This came to my mind after reading some introduction to maximum entropy probability distributions.
Independence can be derived from the following four assumptions:
(1) average momentum of particles inside the box is fixed at 0
(2) average kinetic energy of particles inside the box is fixed
(3) the gas velocity distribution must be maximum entropy probability distribution under the above two constraints (1) and (2).
(4) kinetic energy of a particle can be expressed as $f(v_x) + f(v_y) + f(v_z)$ for some function $f$. (not true for relativistic particles)
(Hopefully (2) and (3) are somewhat more plausible-looking than independence. (2) seems related to equipartition theorem or is it enough to say that the average kinetic energy is fixed simply because of law of large numbers? And (3) is mostly asserting that there is no other hidden constraints (other than (1) and (2)) to be discovered.)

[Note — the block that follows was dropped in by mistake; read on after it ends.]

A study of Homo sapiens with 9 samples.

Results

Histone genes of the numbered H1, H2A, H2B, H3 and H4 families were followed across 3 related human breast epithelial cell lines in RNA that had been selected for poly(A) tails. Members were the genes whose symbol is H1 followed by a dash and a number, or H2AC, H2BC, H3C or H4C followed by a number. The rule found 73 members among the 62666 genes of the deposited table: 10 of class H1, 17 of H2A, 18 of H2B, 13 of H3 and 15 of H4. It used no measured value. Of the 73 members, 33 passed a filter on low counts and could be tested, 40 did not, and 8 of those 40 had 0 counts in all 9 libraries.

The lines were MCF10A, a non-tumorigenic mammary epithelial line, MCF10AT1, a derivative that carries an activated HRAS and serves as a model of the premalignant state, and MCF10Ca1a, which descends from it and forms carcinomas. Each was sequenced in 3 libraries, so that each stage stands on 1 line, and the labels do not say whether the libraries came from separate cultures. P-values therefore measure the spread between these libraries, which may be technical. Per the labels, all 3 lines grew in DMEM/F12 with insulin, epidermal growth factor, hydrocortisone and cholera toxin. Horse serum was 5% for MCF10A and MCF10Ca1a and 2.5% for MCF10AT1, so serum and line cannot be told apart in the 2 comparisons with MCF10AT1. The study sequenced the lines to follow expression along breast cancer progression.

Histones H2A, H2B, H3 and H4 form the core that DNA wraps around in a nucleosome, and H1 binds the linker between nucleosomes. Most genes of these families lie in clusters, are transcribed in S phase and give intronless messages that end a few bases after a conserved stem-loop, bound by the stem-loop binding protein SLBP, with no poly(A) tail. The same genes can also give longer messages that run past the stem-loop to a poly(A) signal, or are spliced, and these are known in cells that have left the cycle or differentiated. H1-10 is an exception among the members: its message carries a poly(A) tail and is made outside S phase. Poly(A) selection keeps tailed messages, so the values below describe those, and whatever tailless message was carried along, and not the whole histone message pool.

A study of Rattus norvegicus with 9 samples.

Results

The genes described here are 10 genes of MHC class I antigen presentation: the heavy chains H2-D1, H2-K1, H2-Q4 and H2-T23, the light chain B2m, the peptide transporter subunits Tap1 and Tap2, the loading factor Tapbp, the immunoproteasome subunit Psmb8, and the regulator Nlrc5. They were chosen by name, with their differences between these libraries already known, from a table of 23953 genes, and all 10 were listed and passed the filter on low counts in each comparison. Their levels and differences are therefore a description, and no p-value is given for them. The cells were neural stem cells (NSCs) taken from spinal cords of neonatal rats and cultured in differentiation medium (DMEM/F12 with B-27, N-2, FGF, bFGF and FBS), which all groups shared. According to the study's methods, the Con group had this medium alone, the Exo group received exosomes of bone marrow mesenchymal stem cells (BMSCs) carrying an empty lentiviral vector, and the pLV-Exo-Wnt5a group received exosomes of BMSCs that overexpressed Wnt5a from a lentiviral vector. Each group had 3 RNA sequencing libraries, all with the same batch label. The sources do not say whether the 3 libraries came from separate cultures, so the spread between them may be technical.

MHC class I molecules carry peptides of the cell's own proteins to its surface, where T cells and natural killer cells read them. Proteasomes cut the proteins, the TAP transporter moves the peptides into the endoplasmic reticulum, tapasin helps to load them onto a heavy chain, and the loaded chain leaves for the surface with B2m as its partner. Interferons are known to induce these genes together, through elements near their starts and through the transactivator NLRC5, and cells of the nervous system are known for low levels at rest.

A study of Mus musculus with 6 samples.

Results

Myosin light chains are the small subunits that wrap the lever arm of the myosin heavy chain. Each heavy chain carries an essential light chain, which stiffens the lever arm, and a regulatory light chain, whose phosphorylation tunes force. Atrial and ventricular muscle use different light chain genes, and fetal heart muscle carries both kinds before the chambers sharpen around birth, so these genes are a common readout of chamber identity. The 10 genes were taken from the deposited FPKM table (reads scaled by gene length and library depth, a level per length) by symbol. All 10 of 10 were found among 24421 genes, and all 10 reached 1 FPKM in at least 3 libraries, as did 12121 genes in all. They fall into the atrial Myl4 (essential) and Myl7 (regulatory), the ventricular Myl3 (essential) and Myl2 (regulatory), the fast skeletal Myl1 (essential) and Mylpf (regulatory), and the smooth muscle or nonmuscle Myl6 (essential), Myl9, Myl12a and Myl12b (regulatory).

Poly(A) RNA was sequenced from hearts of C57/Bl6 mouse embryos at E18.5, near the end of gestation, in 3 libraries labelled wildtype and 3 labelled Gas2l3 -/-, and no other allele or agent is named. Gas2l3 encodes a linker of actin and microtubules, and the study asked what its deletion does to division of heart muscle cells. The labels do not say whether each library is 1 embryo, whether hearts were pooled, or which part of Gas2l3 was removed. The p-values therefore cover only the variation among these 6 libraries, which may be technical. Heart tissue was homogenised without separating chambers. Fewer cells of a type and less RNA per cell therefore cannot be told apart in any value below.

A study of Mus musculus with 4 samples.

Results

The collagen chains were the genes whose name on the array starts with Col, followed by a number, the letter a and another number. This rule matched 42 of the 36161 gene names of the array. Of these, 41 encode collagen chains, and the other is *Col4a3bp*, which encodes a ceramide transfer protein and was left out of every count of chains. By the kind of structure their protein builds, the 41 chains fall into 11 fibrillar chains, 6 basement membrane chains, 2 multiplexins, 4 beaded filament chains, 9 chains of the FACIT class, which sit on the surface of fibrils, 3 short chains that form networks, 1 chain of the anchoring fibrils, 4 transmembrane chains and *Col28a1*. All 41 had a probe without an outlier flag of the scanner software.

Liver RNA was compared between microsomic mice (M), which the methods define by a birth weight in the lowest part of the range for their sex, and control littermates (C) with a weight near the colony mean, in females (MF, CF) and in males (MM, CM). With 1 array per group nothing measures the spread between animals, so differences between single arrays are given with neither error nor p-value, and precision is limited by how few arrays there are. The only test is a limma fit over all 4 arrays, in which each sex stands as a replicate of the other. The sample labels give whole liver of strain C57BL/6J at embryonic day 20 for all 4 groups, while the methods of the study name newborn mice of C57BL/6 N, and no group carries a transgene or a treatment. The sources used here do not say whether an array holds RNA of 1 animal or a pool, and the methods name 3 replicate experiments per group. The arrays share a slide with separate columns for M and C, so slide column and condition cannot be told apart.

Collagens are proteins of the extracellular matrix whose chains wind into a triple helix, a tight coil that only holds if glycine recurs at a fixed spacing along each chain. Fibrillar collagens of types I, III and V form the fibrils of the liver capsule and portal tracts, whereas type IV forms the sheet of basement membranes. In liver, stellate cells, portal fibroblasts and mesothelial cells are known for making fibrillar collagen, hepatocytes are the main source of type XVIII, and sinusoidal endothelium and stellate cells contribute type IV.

To derive independence, suppose $p(v_x,v_y,v_z)$ is a probability density function (on velocity) that does NOT have independence between x, y, z components of speed. We want to compare the entropy of $p$ to that of $p'$ where $p'$ is defined as $p'(v_x, v_y, v_z) = p_1(v_x) p_2(v_y) p_3(v_z)$ where $p_1$ is the marginal distribution of x component of velocity from $p$ and similarly for $p_2, p_3$. If $p$ shows average momentum of 0, and average kinetic energy of 1, then the same is true for $p'$. ($p'$ and $p$ having same average kinetic energy is derived from (4)). But it is a result in information theory that $h(p) < h(p_1) + h(p_2) + h(p_3) = h(p')$ (where $h(p)$ denotes entropy of $p$). This means that $p$ CANNOT be maximum entropy probability distribution under constraints (1) and (2).